WASHINGTON -- Students from New York to Alaska will be exploring forests and wetlands as part of an effort by the US Forest Service to get children out of the classroom and into the woods.
The $1.5 million "Kids in the Woods" program is aimed at a growing problem among American schoolchildren: a lack of direct experience with nature that specialists say can contribute to childhood obesity, diabetes, and even attention deficit disorder.
The program also is intended to nurture future environmental scientists and other Forest Service workers -- an acute need for an agency with a graying workforce, said Forest Service Chief Gail Kimbell.
"We can help address troubling declines we see in the mental and physical health of our children. At the same time, we can inspire future conservation leaders, who can perpetuate the critical role forests play in the quality of life for Americans," Kimbell said at a news conference yesterday.
The grant program includes 24 projects in 15 states, mostly in the West. More than 23,000 children are expected to participate in the program, which is supported by a host of private groups as well as state, federal, and local agencies.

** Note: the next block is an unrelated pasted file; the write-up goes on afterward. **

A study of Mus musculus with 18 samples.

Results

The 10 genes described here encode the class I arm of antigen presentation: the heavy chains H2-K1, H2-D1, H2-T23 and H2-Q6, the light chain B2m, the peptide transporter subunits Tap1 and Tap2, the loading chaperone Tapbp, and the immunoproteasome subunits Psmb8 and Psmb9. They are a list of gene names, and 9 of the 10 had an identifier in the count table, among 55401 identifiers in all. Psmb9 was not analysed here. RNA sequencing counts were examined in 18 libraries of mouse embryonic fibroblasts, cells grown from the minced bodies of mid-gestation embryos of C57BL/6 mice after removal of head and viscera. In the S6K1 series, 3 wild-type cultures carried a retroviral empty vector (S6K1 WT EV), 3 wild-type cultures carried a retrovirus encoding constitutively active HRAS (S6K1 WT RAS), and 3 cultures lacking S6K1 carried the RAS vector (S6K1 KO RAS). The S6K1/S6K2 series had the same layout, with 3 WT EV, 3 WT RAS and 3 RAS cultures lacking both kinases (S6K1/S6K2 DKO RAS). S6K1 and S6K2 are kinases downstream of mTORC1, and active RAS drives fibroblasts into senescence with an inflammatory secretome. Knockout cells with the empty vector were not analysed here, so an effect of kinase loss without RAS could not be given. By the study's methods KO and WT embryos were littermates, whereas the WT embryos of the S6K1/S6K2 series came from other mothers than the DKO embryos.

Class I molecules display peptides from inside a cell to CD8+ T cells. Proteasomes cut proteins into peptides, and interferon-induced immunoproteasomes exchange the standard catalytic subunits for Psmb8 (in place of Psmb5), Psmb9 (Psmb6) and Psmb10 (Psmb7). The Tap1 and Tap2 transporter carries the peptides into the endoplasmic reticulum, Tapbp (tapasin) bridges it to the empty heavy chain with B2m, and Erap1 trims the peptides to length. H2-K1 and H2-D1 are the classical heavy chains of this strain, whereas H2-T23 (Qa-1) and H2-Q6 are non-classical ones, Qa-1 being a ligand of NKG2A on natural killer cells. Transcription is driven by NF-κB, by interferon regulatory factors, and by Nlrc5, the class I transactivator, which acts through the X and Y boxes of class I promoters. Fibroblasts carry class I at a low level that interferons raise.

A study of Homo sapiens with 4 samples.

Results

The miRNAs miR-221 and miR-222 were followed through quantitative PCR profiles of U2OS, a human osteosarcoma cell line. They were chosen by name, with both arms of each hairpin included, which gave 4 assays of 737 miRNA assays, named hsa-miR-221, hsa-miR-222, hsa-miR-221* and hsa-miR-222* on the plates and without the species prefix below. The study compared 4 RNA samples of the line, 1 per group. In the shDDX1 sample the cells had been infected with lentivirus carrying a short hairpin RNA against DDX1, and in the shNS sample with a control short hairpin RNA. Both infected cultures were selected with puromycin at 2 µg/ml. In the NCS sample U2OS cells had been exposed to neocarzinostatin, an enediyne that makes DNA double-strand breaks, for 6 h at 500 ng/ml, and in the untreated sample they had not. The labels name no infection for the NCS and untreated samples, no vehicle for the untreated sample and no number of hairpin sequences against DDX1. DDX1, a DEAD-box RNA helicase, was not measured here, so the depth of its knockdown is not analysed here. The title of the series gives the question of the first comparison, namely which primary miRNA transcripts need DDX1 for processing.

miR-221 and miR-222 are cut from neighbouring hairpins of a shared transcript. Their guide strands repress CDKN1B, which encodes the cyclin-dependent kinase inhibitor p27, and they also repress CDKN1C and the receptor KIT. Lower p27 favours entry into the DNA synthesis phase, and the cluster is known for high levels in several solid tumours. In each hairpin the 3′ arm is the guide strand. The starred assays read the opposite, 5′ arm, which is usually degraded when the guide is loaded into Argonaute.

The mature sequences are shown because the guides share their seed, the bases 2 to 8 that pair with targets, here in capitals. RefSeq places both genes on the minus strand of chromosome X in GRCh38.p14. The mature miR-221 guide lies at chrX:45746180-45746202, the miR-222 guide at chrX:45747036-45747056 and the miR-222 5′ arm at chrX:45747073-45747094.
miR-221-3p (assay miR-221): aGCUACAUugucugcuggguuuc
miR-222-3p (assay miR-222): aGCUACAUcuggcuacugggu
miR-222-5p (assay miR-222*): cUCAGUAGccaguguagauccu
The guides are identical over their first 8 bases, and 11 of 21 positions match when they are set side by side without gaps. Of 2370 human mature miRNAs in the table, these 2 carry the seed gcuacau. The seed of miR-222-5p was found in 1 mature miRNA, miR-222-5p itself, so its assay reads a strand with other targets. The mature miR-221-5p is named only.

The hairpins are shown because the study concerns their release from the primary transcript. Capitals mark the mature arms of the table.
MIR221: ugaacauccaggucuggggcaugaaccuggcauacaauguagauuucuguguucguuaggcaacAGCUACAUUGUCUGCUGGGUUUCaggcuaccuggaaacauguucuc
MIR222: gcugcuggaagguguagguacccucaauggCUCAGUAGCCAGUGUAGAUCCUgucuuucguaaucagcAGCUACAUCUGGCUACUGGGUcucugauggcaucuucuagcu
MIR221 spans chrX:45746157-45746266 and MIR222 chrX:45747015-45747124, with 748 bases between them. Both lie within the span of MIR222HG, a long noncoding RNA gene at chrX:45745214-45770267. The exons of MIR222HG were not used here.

The Forest Service is providing $500,000 in grants, with another $1 million provided by partners including the US Fish and Wildlife Service, New York Botanical Garden, and the Gates Foundation.
In one project, students from the Harlem Link Charter School in New York City will explore forests and wetlands in the New York region, including the botanical garden and the Meadowlands Environmental Center in New Jersey.
In the Pacific Northwest, scholarship assistance will help 800 children attend educational programs at Mount St. Helens National Volcanic Monument in Washington .
The program also will provide overnight trips for students in the Seattle area to learn more about conservation and environmental stewardship.
Author Richard Louv, whose book "Last Child in Woods" helped draw attention to the gap between children and nature, applauded the Forest Service program. Louv called nature as essential to children's health as nutrition and adequate sleep.
"If kids are not going outside in nature, who in the world is going to care about the spotted owl or any other endangered species?" he said.